Test Drive: The Cupping Brewer

The Cupping Brewer is a vessel designed for minimal-waste, filter-free coffee sampling.


Photos courtesy of Katrina Yentch

I’ve always found it kind of heartbreaking to watch cupping bowls of delicious coffee get tossed through a strainer in the sink. It seemed counter-intuitive for a sustainably focused industry to toss out a ton of product. And for the coffees I truly enjoyed the most, I’d find myself sipping on them with my cupping spoon like soup, wishing I had a way to drink them up without the influence of any brewing method. So, the Cupping Brewer seems like a perfectly logical solution to being waste-free and germ-free.

The Cupping Brewer is designed for the user to drink coffee after cupping it.

What Is the Cupping Brewer and How Does It Work?

The Cupping Brewer is a product by longtime coffee pro (and fellow “Test Drive” columnist) Josh Taves, who recognized a need to update the traditional practices of coffee cupping to a process less clunky and customized for the experience.

The Cupping Brewer is a sleek and simple pitcher-shaped glass vessel. Its intended use is for cupping coffee, but also for drinking the coffee-cupping liquid after cupping is complete. In order to make that possible, a plunger accompanies the vessel, which users plug into a space in the middle of the brewer to prevent coffee grounds from escaping. After breaking the crust and scraping it out like a standard cupping session, plug the plunger and pour the top portion of coffee into a cup to enjoy.

A Longtime Product Geared for the Future of Coffee

The Cupping Brewer has been around for a long time—since the mid-2000s. That being said, it’s surprising that this product wasn’t on more people’s radars during the first year of COVID, especially when the SCA had developed new extensive cupping protocols to address the practice’s admittedly germ-inducing tendencies. Regardless of whether or not the traditional cupping process has returned to the table (and in some cases, it has, but in my experience it rarely happens outside of an internal staff setting these days), the Cupping Brewer is as relevant as ever.

The prosumer has emerged out of the pandemic and is demanding specialty-coffee tools for the home. And the traditional cupping practice of using several hyper-specifically shaped bowls with several coffees doesn’t seem to accommodate this. Thus, the Cupping Brewer makes it easier for both coffee professionals and home users to try out one coffee at a time, AND drink it afterward. It just makes sense.

The Simplicity of the Cupping Brewer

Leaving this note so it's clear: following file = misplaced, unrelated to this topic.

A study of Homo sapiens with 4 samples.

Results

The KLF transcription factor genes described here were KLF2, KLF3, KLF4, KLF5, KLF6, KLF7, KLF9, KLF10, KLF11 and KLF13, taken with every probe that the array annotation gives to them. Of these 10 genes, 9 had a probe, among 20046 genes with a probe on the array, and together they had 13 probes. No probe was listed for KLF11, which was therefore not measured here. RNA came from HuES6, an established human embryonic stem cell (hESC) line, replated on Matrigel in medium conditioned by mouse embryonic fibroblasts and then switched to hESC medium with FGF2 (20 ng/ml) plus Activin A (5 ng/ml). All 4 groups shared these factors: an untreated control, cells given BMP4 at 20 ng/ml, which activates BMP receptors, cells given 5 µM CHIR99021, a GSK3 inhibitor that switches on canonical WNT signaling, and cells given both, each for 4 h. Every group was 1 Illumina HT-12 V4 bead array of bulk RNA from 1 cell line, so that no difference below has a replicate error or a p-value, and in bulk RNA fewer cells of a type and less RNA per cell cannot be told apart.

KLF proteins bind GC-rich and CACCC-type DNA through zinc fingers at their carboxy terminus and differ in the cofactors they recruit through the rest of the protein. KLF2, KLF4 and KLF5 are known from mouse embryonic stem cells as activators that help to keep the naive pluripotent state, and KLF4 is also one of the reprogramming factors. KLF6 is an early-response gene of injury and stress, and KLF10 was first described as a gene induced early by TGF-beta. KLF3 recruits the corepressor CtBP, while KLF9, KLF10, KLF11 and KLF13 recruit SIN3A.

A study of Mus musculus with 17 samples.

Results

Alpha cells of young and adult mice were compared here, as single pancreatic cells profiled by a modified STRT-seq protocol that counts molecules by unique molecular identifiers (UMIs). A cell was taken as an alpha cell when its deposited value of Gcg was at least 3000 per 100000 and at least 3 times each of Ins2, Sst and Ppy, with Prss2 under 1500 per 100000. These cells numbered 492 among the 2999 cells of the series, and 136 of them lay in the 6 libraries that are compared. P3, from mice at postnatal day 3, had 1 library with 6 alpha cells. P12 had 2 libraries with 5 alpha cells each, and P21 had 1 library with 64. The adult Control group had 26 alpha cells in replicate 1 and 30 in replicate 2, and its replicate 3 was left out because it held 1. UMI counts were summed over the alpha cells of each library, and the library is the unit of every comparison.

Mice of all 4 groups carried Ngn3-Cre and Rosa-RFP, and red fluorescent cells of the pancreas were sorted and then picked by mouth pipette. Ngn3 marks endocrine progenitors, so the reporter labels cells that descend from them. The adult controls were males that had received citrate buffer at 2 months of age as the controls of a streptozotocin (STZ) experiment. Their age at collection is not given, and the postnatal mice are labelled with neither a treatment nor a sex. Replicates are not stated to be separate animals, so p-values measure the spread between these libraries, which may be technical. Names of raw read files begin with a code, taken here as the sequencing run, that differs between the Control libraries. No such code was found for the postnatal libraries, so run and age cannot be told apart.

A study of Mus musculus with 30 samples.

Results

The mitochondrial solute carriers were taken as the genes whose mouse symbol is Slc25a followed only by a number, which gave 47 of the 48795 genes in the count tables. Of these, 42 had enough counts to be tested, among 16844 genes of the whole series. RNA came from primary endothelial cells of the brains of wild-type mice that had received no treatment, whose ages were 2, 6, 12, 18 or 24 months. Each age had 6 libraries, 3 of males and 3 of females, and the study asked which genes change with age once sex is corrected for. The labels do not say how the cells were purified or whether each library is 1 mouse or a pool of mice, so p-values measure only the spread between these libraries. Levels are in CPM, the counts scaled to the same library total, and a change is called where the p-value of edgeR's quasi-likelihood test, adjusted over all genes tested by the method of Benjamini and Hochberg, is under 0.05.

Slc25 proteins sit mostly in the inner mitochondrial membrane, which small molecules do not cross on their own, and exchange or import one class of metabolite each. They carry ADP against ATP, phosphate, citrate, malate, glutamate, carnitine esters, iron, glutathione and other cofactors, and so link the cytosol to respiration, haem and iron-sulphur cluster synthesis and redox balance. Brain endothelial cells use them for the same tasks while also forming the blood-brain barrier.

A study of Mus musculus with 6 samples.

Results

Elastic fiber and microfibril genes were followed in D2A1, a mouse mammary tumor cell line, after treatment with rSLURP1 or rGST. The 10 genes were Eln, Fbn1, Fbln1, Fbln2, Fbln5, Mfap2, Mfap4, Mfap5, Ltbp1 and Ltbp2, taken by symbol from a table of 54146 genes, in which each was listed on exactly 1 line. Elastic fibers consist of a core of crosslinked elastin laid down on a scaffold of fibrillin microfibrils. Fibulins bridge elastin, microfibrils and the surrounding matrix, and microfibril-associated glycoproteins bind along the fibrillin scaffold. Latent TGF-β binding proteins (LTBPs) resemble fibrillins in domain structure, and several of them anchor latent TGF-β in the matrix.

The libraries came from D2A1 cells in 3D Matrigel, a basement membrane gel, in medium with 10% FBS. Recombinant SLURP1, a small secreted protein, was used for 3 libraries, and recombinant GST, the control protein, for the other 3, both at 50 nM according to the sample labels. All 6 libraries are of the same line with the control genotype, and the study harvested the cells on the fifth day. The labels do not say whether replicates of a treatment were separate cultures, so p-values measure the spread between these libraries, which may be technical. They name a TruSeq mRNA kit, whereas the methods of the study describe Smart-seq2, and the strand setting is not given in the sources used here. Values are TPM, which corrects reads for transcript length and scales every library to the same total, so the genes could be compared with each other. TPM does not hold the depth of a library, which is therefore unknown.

One of the features I enjoyed most in this brewer was its simplicity. It’s truly a foolproof way of setting up a coffee tasting—doable even for those who have never cupped coffee. A three-step illustrated set of directions on the website instruct to pour 30 grams of coffee with 500mL of hot water, wait four minutes, then break and discard the crust before plugging and pouring the end results.

It can be hard to break out of the suggested 30 grams to 500mL of water ratio, so be prepared to drink a full cup whenever you use it.

Some more cupping-savvy features of the vessel include an intentional shape that seems inspired by wine decanters, in order to really emphasize aroma during the dry-ground evaluation. This shape also separates the coffee grounds from the brewed liquid more clearly, making it harder for them to end up in the final cup. However, this also makes the vessel extremely difficult to clean by hand. You either need a dishwasher or a handle brush to clean the inside of the Cupping Brewer.

A Cupping Brewer Intended for Drinking

In addition to its difficulty in cleaning, I’d say the only other setback of this brewer is that you can’t use the actual amount of coffee suggested by the SCA to test coffee. After trying a 1:18 ratio of 11 grams of coffee with 200mL of water, it resulted in kind of an awkward amount of coffee to dispense into a cup. The coffee itself ended up not shining as much as it would have with a higher amount of ground coffee used. Therefore, you should be prepared to drink a pretty full cup of coffee when using this product, as opposed to the small sip-and-slurp amount from a standard cupping. So in that sense, it might be hard to sample several coffees this way.

All in all, the Cupping Brewer produces a delightful cup of coffee, whose taste reminds me of coffees brewed with an Able Brewing Kone. It addresses some big problems with coffee cupping in a truly straightforward way, and I think it’d make a useful tool for coffee shops that get samples from roasters and want a quick way to taste test them. However, for quality control and sampling several coffees, it may be better to take the traditional route.

About Katrina Yentch 221 Articles
Katrina Yentch (she/her) is a freelance writer and Barista Magazine's Online Editor. When she's not writing, you can find her napping, cooking, and drinking whatever's on drip.